This month, the California High-Speed Rail Authority (CHSRA) has pushed forward on building the first stretches of the high-speed rail. Construction has begun on a bridge in downtown Fresno and more properties in the San Joaquin Valley are falling into the crosshairs of the CHSRA.
Five resolutions declaring the need to use eminent domain to acquire about 27 acres in Fresno, Madera and King Counties have been adopted by the State Public Works Board, which acts on behalf of the rail agency. More than 1,160 acres, from 305 resolutions in Fresno, King, Madera and Tulare counties, have been targeted by the Public Works Board since December 2013.
The State Public Works Board was established to oversee the fiscal matters with construction projects and to acquire real property for the state’s facilities and programs, such as the high-speed rail project.
Eminent domain is the legal process that allows government agencies to acquire private property for public use as long as just compensation is given. Eminent domain is pursued when the agencies and property owners cannot agree on a fair price.
The land that has been identified in the resolution are properties that CHSRA says are needed for the right of way and supporting structures such as underpasses and bridges. Some of the parcels in the resolution are full parcels of land, while others are only partial pieces.
One piece in the latest resolution, an 8-acre section of a larger 47-acre property along the BNSF Railway tracks west of Kingsburg, is proposed as a radio communications center for the high-speed rail project and later for the actual rail line between Kamm and Conejo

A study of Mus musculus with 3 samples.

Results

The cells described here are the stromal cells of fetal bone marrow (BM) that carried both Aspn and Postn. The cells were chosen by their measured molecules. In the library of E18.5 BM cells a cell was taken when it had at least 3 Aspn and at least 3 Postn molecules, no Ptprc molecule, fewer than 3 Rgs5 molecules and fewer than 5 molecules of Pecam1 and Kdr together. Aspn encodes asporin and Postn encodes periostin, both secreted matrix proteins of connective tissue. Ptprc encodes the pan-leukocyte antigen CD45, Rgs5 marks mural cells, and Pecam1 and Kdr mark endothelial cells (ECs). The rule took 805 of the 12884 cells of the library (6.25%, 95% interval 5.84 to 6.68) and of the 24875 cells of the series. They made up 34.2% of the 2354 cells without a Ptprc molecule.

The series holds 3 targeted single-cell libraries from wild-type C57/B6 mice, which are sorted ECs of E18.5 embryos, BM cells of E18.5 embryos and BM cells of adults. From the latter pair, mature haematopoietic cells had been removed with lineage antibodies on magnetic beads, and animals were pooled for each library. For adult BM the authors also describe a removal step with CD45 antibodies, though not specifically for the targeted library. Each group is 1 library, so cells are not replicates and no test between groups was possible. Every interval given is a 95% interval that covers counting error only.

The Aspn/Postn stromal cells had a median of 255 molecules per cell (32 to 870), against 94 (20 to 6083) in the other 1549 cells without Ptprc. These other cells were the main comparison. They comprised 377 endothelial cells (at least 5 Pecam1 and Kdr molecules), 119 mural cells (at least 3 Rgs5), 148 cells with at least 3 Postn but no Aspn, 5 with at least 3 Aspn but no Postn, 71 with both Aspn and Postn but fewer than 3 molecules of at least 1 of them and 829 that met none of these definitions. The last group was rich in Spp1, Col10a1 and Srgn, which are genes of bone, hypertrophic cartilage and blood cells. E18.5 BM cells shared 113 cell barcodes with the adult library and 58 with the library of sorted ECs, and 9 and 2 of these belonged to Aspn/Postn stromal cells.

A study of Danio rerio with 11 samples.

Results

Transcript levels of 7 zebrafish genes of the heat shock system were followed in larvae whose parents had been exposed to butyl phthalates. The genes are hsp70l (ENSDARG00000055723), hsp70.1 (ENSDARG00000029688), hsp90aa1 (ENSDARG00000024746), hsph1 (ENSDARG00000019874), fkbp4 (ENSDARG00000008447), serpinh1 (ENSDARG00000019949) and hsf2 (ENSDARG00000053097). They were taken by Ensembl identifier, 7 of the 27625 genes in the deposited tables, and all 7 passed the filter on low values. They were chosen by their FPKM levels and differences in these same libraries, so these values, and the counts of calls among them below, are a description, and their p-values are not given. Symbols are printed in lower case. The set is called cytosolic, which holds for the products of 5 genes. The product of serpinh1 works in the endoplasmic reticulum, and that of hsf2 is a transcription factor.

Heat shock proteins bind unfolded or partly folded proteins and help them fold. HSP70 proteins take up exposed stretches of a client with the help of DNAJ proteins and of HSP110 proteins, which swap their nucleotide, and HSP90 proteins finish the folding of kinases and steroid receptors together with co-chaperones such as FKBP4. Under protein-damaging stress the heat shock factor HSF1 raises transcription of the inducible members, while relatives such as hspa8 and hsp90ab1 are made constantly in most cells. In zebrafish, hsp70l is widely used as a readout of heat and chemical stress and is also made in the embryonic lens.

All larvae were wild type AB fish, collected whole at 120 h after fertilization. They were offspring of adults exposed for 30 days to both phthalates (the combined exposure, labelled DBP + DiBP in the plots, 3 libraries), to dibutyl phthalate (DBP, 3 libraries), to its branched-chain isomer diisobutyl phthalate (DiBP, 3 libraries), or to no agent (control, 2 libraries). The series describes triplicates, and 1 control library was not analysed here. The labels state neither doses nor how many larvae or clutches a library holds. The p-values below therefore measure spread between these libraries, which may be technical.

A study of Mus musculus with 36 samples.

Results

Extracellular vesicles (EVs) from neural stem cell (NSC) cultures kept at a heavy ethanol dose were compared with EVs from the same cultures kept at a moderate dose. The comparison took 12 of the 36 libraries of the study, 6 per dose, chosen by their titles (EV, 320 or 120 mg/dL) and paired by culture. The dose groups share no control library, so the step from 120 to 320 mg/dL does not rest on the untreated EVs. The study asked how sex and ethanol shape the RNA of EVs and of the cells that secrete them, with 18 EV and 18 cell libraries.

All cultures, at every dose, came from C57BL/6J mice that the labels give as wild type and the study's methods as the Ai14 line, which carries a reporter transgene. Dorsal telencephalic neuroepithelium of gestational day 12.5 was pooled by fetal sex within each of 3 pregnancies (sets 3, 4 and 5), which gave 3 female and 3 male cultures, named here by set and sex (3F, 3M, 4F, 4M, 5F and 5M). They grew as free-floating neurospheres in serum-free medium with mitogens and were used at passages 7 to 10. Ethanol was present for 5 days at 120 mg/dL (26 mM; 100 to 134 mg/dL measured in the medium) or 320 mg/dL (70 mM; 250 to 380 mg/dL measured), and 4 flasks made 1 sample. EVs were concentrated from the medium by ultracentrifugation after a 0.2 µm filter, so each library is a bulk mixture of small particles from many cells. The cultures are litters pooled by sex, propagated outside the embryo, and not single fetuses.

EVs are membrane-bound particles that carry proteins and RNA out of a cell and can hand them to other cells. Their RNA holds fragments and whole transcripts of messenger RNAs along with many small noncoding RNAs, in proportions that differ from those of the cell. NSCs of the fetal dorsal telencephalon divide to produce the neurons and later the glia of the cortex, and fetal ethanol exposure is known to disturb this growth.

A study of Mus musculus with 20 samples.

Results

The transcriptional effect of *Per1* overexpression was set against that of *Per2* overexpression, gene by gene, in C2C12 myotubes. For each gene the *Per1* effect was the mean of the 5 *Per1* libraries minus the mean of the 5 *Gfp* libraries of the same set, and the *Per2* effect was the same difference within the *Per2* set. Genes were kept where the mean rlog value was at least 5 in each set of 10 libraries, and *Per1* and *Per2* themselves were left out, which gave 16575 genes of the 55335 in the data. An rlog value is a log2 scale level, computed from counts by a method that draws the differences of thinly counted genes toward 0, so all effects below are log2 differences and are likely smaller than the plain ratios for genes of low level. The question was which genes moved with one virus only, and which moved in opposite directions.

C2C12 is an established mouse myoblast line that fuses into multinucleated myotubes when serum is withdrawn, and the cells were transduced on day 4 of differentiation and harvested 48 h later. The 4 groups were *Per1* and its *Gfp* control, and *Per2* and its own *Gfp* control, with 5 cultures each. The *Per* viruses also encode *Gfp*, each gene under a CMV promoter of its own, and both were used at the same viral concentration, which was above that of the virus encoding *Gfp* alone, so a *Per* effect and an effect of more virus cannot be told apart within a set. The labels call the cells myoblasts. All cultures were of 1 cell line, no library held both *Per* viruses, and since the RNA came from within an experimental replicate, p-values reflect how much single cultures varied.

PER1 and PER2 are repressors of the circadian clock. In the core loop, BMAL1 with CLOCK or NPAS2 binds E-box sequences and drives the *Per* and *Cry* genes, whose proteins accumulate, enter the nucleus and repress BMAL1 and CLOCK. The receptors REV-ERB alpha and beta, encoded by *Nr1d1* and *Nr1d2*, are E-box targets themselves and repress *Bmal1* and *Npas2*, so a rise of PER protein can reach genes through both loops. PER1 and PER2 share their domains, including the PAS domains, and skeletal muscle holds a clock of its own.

The smallest section is three-quarters of an acre from a larger 14-acre parcel of farmland. The parcel is about a mile farther south, on the east side of the BNSF tracks at Clarkson Avenue. It is needed by the rail authority for the realignment of Clarkson.
Downtown Fresno had more properties condemned in the resolution as the former Lamoure’s Cleaners building on G Street is being acquired by the Public Works Board.
The California High-Speed Rail Authority has been behind schedule for acquiring the property they say they need for construction. The right of way acquisition has been one of the major factors for the slow progress on its first 29-mile construction segment in Fresno and Madera counties.
As of Nov. 20, the rail authority reported that of the 711 parcels needed in the first section, only 376 have been delivered to its contractors. Major construction has begun in Madera and Fresno counties recently. Several sites in downtown Fresno are active construction sites and are expected to become more active in the next couple of months.
We will be continuing to follow the progress of the project on our website at www.eminentdomainlaw.net. If you are an affected property or business owner, you can learn more about your options by giving us a call at (866) EM-DOMAIN.